Three of the four main parties have outlined their plans for tourism, alcohol and licensing, but pubs don’t need any more red tape
THE campaign for the 2011 Scottish elections moved into a significant phase last week as three of the country’s four main political parties unveiled their manifestos, outlining their plans for tourism, licensing and Scotland’s ‘alcohol issue’.
At first glance, no party seems to be proposing further, sweeping change for our sector, which is no bad thing.
The past two administrations at Holyrood have served up enough regulation in recent years to keep operators busy for at least a generation.
That’s not to say there is no evidence of imaginative thinking in the documents.
One positive example is a pledge by the Scottish Tories to look at changing the way licence fees are calculated, from the current system based on rateable values to one linked to alcohol turnover.
This, I imagine, will win support from the many independent publicans who, through the SLTA, have argued long and weary that the fees paid by supermarkets should better reflect their status as the major vendors of alcohol in Scotland.
Likewise, parts of the trade may well welcome the Tories’ commitment to extend the scope of rural business rates relief.
The Conservatives have also pledged action on alcohol pricing, falling into line with the coalition down south with a proposed ban on the sale of alcohol below the cost of duty and VAT.
For supporters of minimum pricing, this is unlikely to go far enough, as it would still seem to give supermarkets the scope to discount heavily on alcohol.
But those of an optimistic outlook might view it as a form of minimum pricing: it’s got to start somewhere, after all.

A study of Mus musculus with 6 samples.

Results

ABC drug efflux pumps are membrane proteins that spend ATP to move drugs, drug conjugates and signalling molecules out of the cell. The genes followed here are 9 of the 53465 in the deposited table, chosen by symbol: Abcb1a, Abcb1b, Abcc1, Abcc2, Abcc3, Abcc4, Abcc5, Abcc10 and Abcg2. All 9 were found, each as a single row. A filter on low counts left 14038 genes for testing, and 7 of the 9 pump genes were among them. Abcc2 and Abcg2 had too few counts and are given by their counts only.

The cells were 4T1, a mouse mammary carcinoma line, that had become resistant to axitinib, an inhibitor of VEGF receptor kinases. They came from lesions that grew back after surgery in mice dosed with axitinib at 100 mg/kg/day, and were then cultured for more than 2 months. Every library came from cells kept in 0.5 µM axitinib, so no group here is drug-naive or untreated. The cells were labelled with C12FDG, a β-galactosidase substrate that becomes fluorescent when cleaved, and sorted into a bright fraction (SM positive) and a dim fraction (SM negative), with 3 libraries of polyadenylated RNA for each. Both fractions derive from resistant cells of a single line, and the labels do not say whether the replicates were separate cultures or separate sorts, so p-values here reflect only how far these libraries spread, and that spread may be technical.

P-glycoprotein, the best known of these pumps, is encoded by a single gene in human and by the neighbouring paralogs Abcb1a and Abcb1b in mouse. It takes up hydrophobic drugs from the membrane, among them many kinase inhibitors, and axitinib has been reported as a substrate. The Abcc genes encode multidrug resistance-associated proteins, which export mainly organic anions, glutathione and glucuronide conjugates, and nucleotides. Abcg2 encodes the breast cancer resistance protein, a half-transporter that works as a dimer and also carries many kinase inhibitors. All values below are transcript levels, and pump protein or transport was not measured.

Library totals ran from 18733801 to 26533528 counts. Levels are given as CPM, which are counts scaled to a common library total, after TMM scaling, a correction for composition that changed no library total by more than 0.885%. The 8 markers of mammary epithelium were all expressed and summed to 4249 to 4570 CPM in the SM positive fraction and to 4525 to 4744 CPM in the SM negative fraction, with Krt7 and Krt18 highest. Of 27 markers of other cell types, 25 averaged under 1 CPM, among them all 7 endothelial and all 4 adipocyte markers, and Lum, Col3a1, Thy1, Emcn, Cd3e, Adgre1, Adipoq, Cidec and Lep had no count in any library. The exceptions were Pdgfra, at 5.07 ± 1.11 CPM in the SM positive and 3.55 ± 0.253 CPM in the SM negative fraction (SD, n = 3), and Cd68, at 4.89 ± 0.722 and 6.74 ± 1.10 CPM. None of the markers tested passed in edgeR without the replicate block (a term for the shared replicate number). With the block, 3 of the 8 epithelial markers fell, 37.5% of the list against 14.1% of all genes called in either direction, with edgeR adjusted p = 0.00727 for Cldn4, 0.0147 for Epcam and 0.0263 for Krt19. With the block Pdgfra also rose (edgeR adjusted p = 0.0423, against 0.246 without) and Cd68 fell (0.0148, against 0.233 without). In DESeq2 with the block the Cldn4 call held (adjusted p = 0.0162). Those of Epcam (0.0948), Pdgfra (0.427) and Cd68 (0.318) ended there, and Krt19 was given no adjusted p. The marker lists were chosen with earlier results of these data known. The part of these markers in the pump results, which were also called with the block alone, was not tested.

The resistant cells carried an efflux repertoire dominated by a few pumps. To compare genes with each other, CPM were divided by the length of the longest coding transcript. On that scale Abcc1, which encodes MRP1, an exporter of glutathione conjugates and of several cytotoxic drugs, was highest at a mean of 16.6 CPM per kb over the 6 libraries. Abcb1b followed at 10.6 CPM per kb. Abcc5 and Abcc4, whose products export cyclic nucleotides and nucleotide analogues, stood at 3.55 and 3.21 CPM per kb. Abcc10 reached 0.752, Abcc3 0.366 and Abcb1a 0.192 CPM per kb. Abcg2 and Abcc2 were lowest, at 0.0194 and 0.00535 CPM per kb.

Scottish Labour, whose campaign to date has been beset by the failure of leader Iain Gray to connect with the general public, is offering something operators might like the sound of, too. It comes in the shape of a pledge to revalue non-domestic properties more often the current five years, with a promise of transition relief with each revaulation.
If the experience of the 2010 revaluation is anything to go by, pub owners may well welcome the prospect of their rates more accurately reflecting the prevailing economic conditions.
When assessors handled the 2010 revaluation, the tone date used was April 1, 2008 – some months before the extent of the economic downturn and impact on the property market became apparent.
That left many pubs facing significant hikes in rates at the depths of the recession.
Other Labour proposals seem less likely to please the trade.
The prospect of a National Strategy for Action on Alcohol is enough to send a chill down the spines of lobbyists whose lives have passed before them as one initiative after another has been published, debated and consulted on in recent years. What’s needed now isn’t another strategy, but time to allow the raft of regulations recently introduced, via the Licensing and Alcohol Acts, to bed in.
Labour also talks about giving licensing forums the right to petition local authorities to ‘end 24-hour licensing where problems arise’. But, to my knowledge, the country isn’t exactly awash with premises which fall into that category.
The Lib Dems, meanwhile, have VisitScotland in their sights.
Tavish Scott and co want to see the marketing agency and another quango, Scottish Development International, scrapped and replaced by a new body. Scotland International would take on the VS responsibility of promoting not just tourism but Scotland generally around the globe.
It’s the second time VS has faced a call to be axed this year, after a respected economic think-tank, the Fraser of Allander Institute, said the model doesn’t work and doesn’t merit government funding.
Amid the current clamour for cuts, and with VS said to receive some £50 million in government funding, it’s easy to see why such a move might be contemplated. But it surely would have to be matched with safeguards to ensure tourism – one of Scotland’s most important sectors and one inextricably linked to pubs – continues to thrive.
The SNP had still to publish its manifesto as SLTN went to press, though it has previously indicated that it will again try to introduce minimum pricing.
On the balance of what we have seen so far, it’s clear that alcohol, tourism and licensing will continue to be political issues not matter who is elected. Whether that is good for the trade remains to be seen.